Ohio recognizes that an insurance company may be liable for its bad faith conduct. The standard for bad faith in Ohio is the following:

[A]n insurer fails to exercise good faith in the processing of a claim of its insured where its refusal to pay the claim is not predicated upon circumstances that furnish reasonable justification therefore.1

We noted six years ago in What Constitutes Insurance “Bad Faith” in Ohio?:

[W]hat are examples of claims handling not reasonably justified? One can look to the case of Zoppo v. Homestead Insurance Company. In Zoppo, the insured made a claim for a fire loss to his bar. From the outset, the insurance company focused its inquiry primarily on the insured. The investigation did not explore evidence that other individuals—i.e., patrons—had threatened to burn the bar down. Three weeks prior, there was an attempted arson where the wrongdoers bragged in public they were responsible for the fire and would be back ‘to finish the job.’ The insurance company did not bother to locate key suspects, verify the insured’s alibi or follow up with various witnesses. While the insurance company claimed that the insured had a financial motive to set the fire, all evidence actually pointed to the contrary.

The above demonstrates that the insurance company’s investigation was inadequate and therefore, did not have ‘reasonable justification’ to deny the claim.

An excellent 2010 article, Bad Faith in Ohio, noted that the insurance company’s failure to act in good faith does not require an intentional act. The article further explained that outcome-oriented investigations are not in good faith:

Perhaps the most damaging evidence to Homestead’s denial was the fact several individuals who had previously been ousted from the bar by Mr. Zoppo only weeks prior to the fire had threatened to burn down the bar. Compounding matters further was the fact there was a previous attempt to actually set the bar on fire, which resulted in only very minor damage.

Two of the men Mr. Zoppo had thrown out of the bar bragged after the first fire, and before the second fire, they were responsible for the attempted fire and one witness even testified one of the two individuals thrown out of the bar stated ‘he would be back to finish the job.’ Additional evidence was presented at the trial that after the second fire, one of the men ousted from the bar by Mr. Zoppo told a group of patrons at another bar he was responsible for having set the fire which destroyed the Zoppo property.

Homestead, at trial, presented no evidence to refute any of this information and, in fact, their investigator conceded the primary focus of the investigation from the start was centered upon Mr. Zoppo solely. One of the most crucial lessons to learn from this aspect of the case is all evidence must be considered and all reasonable leads should be pursued. A thorough investigation should not be an attempt to prove the insured was at fault, but instead to exonerate the insured. These are crucial aspects of any investigation which, at least according to the evidence presented at trial, Homestead failed to follow in the Zoppo case.

A 2018 federal district order2 indicated that Zoppo is still good law:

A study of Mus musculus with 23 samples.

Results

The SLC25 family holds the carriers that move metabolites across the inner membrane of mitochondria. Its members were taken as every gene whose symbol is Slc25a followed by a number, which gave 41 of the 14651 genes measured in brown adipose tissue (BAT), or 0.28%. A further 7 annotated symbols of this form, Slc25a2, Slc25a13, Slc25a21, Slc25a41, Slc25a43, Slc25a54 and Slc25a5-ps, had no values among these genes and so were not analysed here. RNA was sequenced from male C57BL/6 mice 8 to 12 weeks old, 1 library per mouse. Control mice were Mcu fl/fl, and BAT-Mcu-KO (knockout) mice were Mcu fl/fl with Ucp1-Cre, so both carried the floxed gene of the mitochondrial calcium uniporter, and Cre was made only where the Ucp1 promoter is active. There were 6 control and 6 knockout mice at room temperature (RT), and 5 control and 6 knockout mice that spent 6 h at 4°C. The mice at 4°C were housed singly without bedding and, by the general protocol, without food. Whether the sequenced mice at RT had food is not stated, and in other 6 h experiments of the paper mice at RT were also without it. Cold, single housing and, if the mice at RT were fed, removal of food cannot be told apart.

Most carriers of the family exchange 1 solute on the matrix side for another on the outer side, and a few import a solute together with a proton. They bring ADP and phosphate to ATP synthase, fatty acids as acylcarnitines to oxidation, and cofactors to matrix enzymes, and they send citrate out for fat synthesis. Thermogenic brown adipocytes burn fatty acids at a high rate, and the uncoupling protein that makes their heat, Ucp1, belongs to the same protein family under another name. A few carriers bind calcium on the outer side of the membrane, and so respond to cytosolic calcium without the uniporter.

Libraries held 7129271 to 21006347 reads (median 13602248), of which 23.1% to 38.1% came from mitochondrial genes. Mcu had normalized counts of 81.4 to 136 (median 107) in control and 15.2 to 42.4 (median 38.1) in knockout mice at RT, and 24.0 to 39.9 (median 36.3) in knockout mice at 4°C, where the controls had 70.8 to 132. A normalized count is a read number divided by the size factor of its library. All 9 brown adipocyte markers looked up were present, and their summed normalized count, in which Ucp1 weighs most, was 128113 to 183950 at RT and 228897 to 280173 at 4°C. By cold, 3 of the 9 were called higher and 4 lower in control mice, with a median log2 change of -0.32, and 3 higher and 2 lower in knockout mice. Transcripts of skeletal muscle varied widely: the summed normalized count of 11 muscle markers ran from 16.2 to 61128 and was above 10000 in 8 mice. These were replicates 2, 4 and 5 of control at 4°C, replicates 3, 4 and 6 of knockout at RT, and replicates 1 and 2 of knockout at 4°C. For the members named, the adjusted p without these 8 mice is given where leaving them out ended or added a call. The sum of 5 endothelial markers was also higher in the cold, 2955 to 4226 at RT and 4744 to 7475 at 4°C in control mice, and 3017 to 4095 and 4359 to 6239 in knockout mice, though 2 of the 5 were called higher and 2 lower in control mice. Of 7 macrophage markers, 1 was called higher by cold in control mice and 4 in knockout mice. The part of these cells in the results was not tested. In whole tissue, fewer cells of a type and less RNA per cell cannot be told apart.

The appropriate test to determine whether an insurance company breached its duty of good faith in denying an insured’s claim(s) under the insurance policy is the “reasonable justification” standard…Zoppo v. Ins. Co., 71 Ohio St.3d 552, 554, 1994- Ohio 461, 644 N.E.2d 397 (1994) (finding that over the past forty years the Supreme Court of Ohio has consistently applied the ‘reasonable justification’ standard to bad faith cases)). Significantly, an insured lacks reasonable justification only when it acts in an arbitrary and capricious manner….Under the reasonable justification standard, the crucial inquiry is whether ‘the decision to deny benefits was arbitrary or capricious, and there existed a reasonable justification for the denial,’ not whether the insurance company’s decision to deny benefits was correct.

The court’s order indicated pleading examples that, if proven, could make a case for bad faith in Ohio:

• ‘Defendant failed to properly investigate the claims. Defendant led Plaintiff to believe that it was adjusting the claim while, in fact, Defendant wrongfully intended to deny the claim from the inception.’…

• ‘Defendant did not properly analyze the cause of the loss or applicable coverage. For example, when provided with the GEI engineering report, Defendant made no effort to review the analysis and evidence, nor could it have done so as it issued a written denial for the loss less than four business hours after it received the GEI report.’ …

• ‘Upon information and belief, Defendant never prepared an estimate for damages for the collapsed wall portion of the claim as Plaintiff never received an estimate for such losses. Such failure is indicative of the intent to deny the claim from the outset.’…

• ‘Defendant further refused Plaintiff’s reasonable requests for information, including, without limitation, a request for a copy of the insurance policy, until Plaintiff retained counsel. Even then, a certified copy of the policy was not provided until it was attached to Defendant’s Answer on June 30, 2017 despite such a request being made by email on April 7, 2017, and prior to that time orally.’

Today, many insurance companies seem to arbitrarily dismiss any expert report other than the opinion from the expert they hired. In Ohio, that can be actionable. Indeed, reading Ohio law, bad faith is defined as a failure to act in good faith, which equates an honest and fairly balanced investigation looking at all facts.

Thought For The Day

Fairness is what justice really is.
—Potter Stewart
1 Zoppo v. Homestead Ins. Co., 71 Ohio St.3d 552, 644 N.E.2d 397 (Ohio 1994).
2 Winter Enterprises v. West Bend Mut. Ins. Co., No. 1:17-cv-00360 (S.D. Ohio Mar. 18, 2018).